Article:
Exodus 6:1-8. But the Lord said to Moses, “Now you shall see what I will do to Pharaoh; for with a strong hand he will send them out, and with a strong hand he will drive them out of his land.” 2 God spoke to Moses and said to him, “I am the Lord. 3 I appeared to Abraham, to Isaac, and to Jacob, as God Almighty, but by my name the Lord I did not make myself known to them. 4 I also established my covenant with them to give them the land of Canaan, the land in which they lived as sojourners. 5 Moreover, I have heard the groaning of the people of Israel whom the Egyptians hold as slaves, and I have remembered my covenant. 6 Say therefore to the people of Israel, ‘I am the Lord, and I will bring you out from under the burdens of the Egyptians, and I will deliver you from slavery to them, and I will redeem you with an outstretched arm and with great acts of judgment. 7 I will take you to be my people, and I will be your God, and you shall know that I am the Lord your God, who has brought you out from under the burdens of the Egyptians. 8 I will bring you into the land that I swore to give to Abraham, to Isaac, and to Jacob. I will give it to you for a possession. I am the Lord.’”
In the middle of Moses’ great conflict of faith God offers him the greatest of all comforts – himself. This is who I am, and this is what I will do. Seven “I will” statements.
Seven promises that must have seemed impossible to Moses.
Seven promises that have found their ultimate fulfillment in our union with Christ.
Seven promises rooted in the very name of God.
At the burning bush God told Moses his name. Ehyeh. Which means I will be. Or I am. Notice in verse 2 and 6 above God says “I am the LORD.” This is God saying “I am who I am.” Or, “I will be who I will be.”
Then seven times God says “I will ___.” Each of these seven promises literally starts with the name of God. God IS what he DOES. And what he does is make and keep promises. Promises to rescue his firstborn son, Israel, and with them all of humanity.
I will bring you out from under the burden of the Egyptians
I will deliver you from slavery to them
I will redeem you with an outstretched arm and with great acts of judgment
I will take you to be my people
I will be your God
I will bring you into the land that I swore to give to Abraham, to Isaac, and to Jacob
I will give it to you for a possession
I will find you. No matter how long it takes, no matter how far.
God is making new promises to Moses rooted in old promises made to Abraham. He is making promises that are deeply personal. Promises that will require great power.
The Apostle Paul once said that all of God’s promises “find their YES in Christ.” Christ and our union with him is the reason for the fulfillment of all of God’s promises, even the ones made thousands of years before Jesus came to earth. Promises made to Abraham and to Moses could only be made by God because one day Christ would come. No Christ… No ultimate salvation. No ultimate salvation, no rescue from the power of sin and death, and then no need for a physical salvation from Pharaoh. It would all just delay the inevitable. Death wins so why bother rescuing us?
But if God wins and death is defeated by Jesus, then this rescue mission in Exodus has a real purpose. It paves the way. It points to something greater. A greater set of promises. Greater “I wills.”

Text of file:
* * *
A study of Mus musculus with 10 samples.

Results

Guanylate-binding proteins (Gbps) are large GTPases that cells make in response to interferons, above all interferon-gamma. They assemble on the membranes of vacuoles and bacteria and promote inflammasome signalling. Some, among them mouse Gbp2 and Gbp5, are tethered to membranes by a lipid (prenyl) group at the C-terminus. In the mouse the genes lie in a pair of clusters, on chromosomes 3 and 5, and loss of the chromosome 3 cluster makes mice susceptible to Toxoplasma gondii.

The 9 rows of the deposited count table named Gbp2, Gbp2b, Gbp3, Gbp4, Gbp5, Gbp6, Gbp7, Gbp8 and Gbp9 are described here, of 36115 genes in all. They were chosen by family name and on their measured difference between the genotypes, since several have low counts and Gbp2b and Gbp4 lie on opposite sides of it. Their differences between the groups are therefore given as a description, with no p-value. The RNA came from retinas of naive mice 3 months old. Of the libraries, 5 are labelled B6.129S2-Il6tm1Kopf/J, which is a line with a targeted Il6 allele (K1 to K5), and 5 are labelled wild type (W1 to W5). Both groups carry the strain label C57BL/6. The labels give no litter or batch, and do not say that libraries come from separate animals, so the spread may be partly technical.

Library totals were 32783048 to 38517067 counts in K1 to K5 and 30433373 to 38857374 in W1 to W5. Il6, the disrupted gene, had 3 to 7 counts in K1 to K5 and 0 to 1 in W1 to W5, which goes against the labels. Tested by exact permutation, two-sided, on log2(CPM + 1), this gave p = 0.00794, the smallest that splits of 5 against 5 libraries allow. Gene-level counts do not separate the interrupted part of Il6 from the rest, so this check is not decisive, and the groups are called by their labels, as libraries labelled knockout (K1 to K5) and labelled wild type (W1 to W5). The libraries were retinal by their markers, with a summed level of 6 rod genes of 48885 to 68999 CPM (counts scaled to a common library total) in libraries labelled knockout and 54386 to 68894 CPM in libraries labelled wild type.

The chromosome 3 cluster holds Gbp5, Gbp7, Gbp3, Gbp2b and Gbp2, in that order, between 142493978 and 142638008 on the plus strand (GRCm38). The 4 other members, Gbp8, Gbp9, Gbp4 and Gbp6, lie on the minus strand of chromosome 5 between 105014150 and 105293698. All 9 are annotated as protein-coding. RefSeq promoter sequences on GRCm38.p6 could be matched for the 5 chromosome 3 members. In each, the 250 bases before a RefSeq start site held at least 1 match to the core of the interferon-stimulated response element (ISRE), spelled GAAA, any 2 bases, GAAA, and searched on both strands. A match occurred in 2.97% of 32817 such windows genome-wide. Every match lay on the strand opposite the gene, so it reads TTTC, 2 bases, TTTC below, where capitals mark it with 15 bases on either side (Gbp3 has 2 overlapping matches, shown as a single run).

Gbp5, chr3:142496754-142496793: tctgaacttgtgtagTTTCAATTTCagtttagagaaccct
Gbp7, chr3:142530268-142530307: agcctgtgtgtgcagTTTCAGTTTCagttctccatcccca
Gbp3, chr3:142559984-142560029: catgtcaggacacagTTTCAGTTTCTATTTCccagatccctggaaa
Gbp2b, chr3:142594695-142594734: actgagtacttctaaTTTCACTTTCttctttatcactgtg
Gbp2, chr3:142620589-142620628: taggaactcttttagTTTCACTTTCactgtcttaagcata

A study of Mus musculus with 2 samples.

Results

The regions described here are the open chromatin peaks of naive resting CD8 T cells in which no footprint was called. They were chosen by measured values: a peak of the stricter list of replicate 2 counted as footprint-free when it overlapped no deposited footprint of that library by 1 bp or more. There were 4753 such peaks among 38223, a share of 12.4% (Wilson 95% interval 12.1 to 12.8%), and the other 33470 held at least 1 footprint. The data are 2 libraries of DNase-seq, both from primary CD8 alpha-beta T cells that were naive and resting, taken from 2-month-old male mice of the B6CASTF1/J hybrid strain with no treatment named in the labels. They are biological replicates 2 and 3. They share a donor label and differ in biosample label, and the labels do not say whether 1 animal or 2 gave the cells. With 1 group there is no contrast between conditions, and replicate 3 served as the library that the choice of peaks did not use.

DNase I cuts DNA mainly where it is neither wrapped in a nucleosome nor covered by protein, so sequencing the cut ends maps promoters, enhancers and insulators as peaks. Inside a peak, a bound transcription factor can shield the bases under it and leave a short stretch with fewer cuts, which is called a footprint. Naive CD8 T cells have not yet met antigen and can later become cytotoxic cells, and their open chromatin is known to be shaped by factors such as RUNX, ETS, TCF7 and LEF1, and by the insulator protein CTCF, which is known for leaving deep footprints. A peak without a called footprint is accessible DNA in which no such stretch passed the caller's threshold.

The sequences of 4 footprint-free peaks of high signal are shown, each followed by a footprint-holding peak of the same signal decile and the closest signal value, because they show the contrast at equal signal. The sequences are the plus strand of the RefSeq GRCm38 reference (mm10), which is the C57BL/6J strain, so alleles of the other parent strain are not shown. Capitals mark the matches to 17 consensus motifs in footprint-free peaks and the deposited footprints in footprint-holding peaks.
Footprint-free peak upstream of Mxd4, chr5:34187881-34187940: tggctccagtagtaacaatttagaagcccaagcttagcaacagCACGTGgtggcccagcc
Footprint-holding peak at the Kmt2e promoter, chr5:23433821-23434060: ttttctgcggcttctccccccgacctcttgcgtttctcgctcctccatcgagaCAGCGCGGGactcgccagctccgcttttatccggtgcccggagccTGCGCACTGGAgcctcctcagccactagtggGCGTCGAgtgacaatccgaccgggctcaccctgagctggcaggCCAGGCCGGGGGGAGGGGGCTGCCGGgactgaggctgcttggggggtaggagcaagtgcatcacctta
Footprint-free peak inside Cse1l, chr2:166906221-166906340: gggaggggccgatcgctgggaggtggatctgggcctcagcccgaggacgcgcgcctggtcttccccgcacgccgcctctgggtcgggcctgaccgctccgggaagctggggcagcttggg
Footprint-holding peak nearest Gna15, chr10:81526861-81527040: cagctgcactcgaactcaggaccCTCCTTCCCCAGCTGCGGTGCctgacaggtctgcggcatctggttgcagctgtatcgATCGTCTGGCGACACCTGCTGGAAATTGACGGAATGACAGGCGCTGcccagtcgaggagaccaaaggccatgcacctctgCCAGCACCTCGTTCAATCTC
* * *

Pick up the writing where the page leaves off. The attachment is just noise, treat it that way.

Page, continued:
I will bring you out from under the burden of the Egyptians – In Christ we are brought into a new kingdom. Out of the dark, into the light. We have a whole new identity. Now we are free to worship God as we were created to do.
I will deliver you from slavery to them- In Christ we are not only forgiven of every sin, we are out from under sin’s control. Yes we still sin, but we don’t have to. And one day we won’t want to.
I will redeem you with an outstretched arm and with great acts of judgment – In Christ we are not only rescued, but also redeemed. Purchased. Bought back. God will ultimately have to pay a price to get us back. The cost was the life of Jesus. Jesus endured great acts of judgment in order to purchase our souls for God.
I will take you to be my people – In Christ we are not freed to just live life on our own. We are freed to be God’s people. His possession. His priesthood. His family. His dwelling. His temple.
I will be your God – This is the most shocking and most comforting statement in all of the Bible. This is why Jesus died. Why he lives in us. Why there was an exodus and a cross. This is what eternal life is and will be. Yahweh (“He is”) is our God. He possesses us and we possess him. Made possible forever by our union with Christ.
I will bring you into the land that I swore to give to Abraham, to Isaac, and to Jacob – In Christ we have a glorious inheritance awaiting us. The new earth will be ours and we will dwell in the house of the Lord forever.
I will give it to you for a possession – In Christ all things are ours. We possess the universe. So stop freaking out. Take a breath. It’s all good.
1 Cor. 3:21-23. 21 So let no one boast in men. For all things are yours, 22 whether Paul or Apollos or Cephas or the world or life or death or the present or the future—all are yours, 23 and you are Christ’s, and Christ is God’s.
“To live is Christ” means that God has fulfilled every one of his promises to you in Christ. The promises fulfilled in Exodus are spectacular, but they are nothing compared to what we have in Jesus.